A couple of weeks ago, I was pretty enthusiastic about the episode “The Time Travelers,” in which Ted found himself alone at McLaren’s facing a hard truth, which is that his friends have gotten older. They’ve moved on. The gang doesn’t hang out as much as they used to. And amid Ted’s nostalgia for one night in particular, an imaginary Barney says, “Ted, this moment is already gone.” I admit, I got a little choked up, so I felt like a dupe last night when Future Ted says, “Kids, you can’t cling to the past, because no matter how tightly you hold on, it’s already gone.”
Wait a minute, writers: As much as I dig the sentiment, and have ever since Nate said something similar to Claire in the series finale of Six Feet Under, you trotted it out three episodes ago! I realize that it’s getting tough to find new expressions for Ted’s mawkishness, but at the very least, space it out, and don’t repeat the lesson practically verbatim. The first time, it was a flip of the script; here, it just drove home the patently obvious: Of course we know Ted’s attachment to the Cool Ranch Dorito–stained beanbag represents his reluctance to let Marshall and Lily move to Italy!
That criticism aside, the story line that worked best last night was Lily and Marshall’s packing. I mean, we’ve been here before — when Robin moved to Japan, when Lily and Marshall decamped to Long Island — so it’s getting harder to summon the proper emotion. Also, it’s not like Marshall and Lily are really going to Italy, or if they are, they’re not staying there long. (What do you suppose will be the reason it doesn’t come off? Marshall gets offered a judgeship or something?) With Robin and Barney almost paired off, Marshall, Lily, and Ted are the core of the gang, the original three, so I’m content to watch them reminisce over stuff and make fun of Ted’s hands-free belt satchel for half an hour, or at least I preferred it to the laser tag B-plot. Ted showing up at the door and accidentally swallowing his bubblegum while trying to deliver the They Live line — “I came here to chew bubblegum and pack boxes, and I’m all out of bubblegum” — was amusing, as was Marshall’s “Come again for Fudge Grande,” and though I really don’t know if El Ganso Con la Riñonera translates to “fannypack dork,” I’ll believe it. The return of the Bermuda Triangle — that aptly named New York phenomenon of putting what seems like pure garbage on the street, and yet having it disappear almost immediately — fit. At the same time, little was at stake.
Apparently, more was at stake with Robin’s search for a locket she’d buried as a little boy — or rather, when her father treated her like one — but it just seemed so out of character for Robin to be thinking of “something old” when she was a kid. It doesn’t even matter, the metaphor was again heavy-handed to the point that Robin actually says that, in the search for the locket in Central Park, she was digging up the doubts about her and Barney. “Where did you bury this tampon? Sorry, I get all these girly things confused,” her dad (Ray Wise) asks, just as Robin’s saying she doesn’t feel the need to hide her feminine side anymore, but maybe he can’t be blamed for thinking it’s all a little silly.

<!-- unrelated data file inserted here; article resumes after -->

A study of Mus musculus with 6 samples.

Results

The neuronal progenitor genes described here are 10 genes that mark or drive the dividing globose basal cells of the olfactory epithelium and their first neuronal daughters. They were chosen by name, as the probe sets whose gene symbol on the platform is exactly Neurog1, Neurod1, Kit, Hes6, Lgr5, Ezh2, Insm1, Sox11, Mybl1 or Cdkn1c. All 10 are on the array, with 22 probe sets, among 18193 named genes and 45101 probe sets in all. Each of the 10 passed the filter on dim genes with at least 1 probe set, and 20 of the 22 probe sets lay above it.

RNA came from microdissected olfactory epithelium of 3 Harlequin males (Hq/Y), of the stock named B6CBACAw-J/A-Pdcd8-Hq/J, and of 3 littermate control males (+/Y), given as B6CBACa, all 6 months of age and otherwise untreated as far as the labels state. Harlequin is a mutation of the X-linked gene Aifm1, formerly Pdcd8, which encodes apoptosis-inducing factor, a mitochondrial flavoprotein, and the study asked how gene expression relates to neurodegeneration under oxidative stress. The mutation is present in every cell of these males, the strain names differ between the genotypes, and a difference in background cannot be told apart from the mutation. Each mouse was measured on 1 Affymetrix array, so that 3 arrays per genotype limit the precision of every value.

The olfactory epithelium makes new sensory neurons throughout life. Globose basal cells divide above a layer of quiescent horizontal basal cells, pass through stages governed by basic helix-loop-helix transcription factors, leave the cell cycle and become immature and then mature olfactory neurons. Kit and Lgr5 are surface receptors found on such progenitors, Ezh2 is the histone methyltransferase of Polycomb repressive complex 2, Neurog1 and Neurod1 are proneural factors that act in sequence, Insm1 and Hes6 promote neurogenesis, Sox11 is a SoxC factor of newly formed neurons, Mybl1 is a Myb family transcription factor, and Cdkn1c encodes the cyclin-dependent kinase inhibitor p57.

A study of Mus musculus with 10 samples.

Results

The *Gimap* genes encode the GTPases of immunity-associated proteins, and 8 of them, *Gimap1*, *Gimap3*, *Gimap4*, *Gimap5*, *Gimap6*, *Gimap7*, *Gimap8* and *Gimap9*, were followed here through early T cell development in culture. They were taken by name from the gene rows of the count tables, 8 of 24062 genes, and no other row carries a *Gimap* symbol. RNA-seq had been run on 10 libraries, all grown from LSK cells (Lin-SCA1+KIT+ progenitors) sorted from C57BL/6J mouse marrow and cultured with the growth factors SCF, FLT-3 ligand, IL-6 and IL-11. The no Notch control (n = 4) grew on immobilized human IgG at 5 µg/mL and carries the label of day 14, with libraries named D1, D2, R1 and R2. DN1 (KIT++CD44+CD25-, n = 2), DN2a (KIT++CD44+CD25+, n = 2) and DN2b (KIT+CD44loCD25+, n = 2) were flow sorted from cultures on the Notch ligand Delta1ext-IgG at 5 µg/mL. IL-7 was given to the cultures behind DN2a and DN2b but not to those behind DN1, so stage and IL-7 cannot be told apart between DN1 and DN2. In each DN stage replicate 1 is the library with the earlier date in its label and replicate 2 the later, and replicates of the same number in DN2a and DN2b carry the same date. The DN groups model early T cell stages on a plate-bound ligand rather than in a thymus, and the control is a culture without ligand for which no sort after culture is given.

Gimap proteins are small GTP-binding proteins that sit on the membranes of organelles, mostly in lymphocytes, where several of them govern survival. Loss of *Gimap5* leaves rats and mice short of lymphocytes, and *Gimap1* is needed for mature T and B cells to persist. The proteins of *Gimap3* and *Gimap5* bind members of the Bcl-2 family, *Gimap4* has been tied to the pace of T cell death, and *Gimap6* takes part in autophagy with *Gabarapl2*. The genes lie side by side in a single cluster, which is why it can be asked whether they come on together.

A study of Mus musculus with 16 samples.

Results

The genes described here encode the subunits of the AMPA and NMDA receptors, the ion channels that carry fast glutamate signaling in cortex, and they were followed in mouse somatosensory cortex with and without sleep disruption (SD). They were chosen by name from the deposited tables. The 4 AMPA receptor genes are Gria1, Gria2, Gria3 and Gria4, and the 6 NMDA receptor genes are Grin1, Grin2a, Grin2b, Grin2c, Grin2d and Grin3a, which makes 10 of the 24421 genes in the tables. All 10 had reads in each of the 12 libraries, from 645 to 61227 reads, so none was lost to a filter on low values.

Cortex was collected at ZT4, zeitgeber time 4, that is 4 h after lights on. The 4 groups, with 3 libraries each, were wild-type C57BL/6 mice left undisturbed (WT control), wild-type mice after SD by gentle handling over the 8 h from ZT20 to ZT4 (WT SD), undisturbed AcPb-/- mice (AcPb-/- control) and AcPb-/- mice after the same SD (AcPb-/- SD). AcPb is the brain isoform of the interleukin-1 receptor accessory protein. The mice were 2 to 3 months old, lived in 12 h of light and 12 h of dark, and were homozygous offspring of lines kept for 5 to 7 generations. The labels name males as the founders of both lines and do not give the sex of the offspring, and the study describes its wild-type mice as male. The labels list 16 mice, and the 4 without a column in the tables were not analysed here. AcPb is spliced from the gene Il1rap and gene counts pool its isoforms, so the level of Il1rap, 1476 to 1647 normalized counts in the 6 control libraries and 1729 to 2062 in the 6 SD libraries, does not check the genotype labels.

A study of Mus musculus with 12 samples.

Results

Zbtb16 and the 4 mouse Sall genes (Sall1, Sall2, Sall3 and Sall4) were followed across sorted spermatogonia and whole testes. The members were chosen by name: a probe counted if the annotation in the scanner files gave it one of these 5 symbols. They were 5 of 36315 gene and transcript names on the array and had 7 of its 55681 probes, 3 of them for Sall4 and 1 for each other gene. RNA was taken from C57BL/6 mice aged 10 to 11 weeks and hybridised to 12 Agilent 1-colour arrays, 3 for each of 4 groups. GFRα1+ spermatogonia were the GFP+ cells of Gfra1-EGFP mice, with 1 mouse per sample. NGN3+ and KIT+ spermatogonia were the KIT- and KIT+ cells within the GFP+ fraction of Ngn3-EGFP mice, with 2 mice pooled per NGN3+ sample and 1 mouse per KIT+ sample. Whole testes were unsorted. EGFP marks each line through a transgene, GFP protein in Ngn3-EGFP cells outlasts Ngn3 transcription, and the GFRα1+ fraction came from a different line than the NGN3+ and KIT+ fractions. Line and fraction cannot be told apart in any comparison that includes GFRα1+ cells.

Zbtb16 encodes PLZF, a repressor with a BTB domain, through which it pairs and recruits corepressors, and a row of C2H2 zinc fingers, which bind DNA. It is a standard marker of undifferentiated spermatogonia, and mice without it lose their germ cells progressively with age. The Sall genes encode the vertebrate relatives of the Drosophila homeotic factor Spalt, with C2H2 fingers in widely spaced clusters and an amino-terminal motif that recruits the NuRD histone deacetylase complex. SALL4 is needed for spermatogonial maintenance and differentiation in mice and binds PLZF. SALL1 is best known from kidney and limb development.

Truthfully, I didn’t anticipate that the locket would come to represent Robin’s need for the universe to cosign her decision to marry Barney. I’m not opposed to that Ted-like sort of desperation, but I think I am opposed to going back to the Ted and Robin well once again, for two reasons: (1) I just saw Liberal Arts last week, and Josh Radnor’s pretentiousness is definitely less charming than Ted’s, which has eroded some of my loyalty to his character and to the idea of these two being together; (2) it’s just plain lazy. I don’t know that I felt even a twinge of excitement. I was probably still smarting from the recycled sentimentality, but nothing seems to matter in this love triangle. HIMYM has cried wolf so many times, it’s almost as if the writers are the ones who can’t come to terms with the decision to marry Barney and Robin. If Ted can speak Robinese, if he shows up in the middle of Central Park to make sure she was okay, just like he came back to spend Christmas with her last season — well, what was the last wonderful thing Barney did for Robin?
What I liked:
- The Sasquatch binders. Lily wants to know why December 1999 is so thick: “Y2K was coming, a lot of people took to the woods.”
- Ted’s cockiness followed by a twelve-minute call to the doctor about the gum.
- Marshall and Lily’s King Kong role reversal in the bedroom.
- If the Full Metal Jacket–like motivational speeches to the laser tag kids was at one point meant to reference Starship Troopers, then maybe that was a shout-out to a Neil Patrick Harris project of yore. This, coupled with Barney’s inability to name a hockey player who is not Wayne Gretzky but guessing “Francois,” made these scenes … tolerable. “Like” is too strong.
What I didn’t like:
- The overall unsteadiness of the show as it heads toward the season finale. It feels as though there’s a lack of commitment to story lines that have long been developing, and it’s the sitcom equivalent of a character being brought back from the dead. There’s absolutely no nuance. The episodes that were supposed to be so big and meaningful, like Robin and Barney’s engagement, are diminished when the writers can at any time retreat to their comfort zone. It seems like Robin’s doubts about Barney have been assuaged many times over by now, and yet she still has them. It doesn’t leave me too eager for the finale.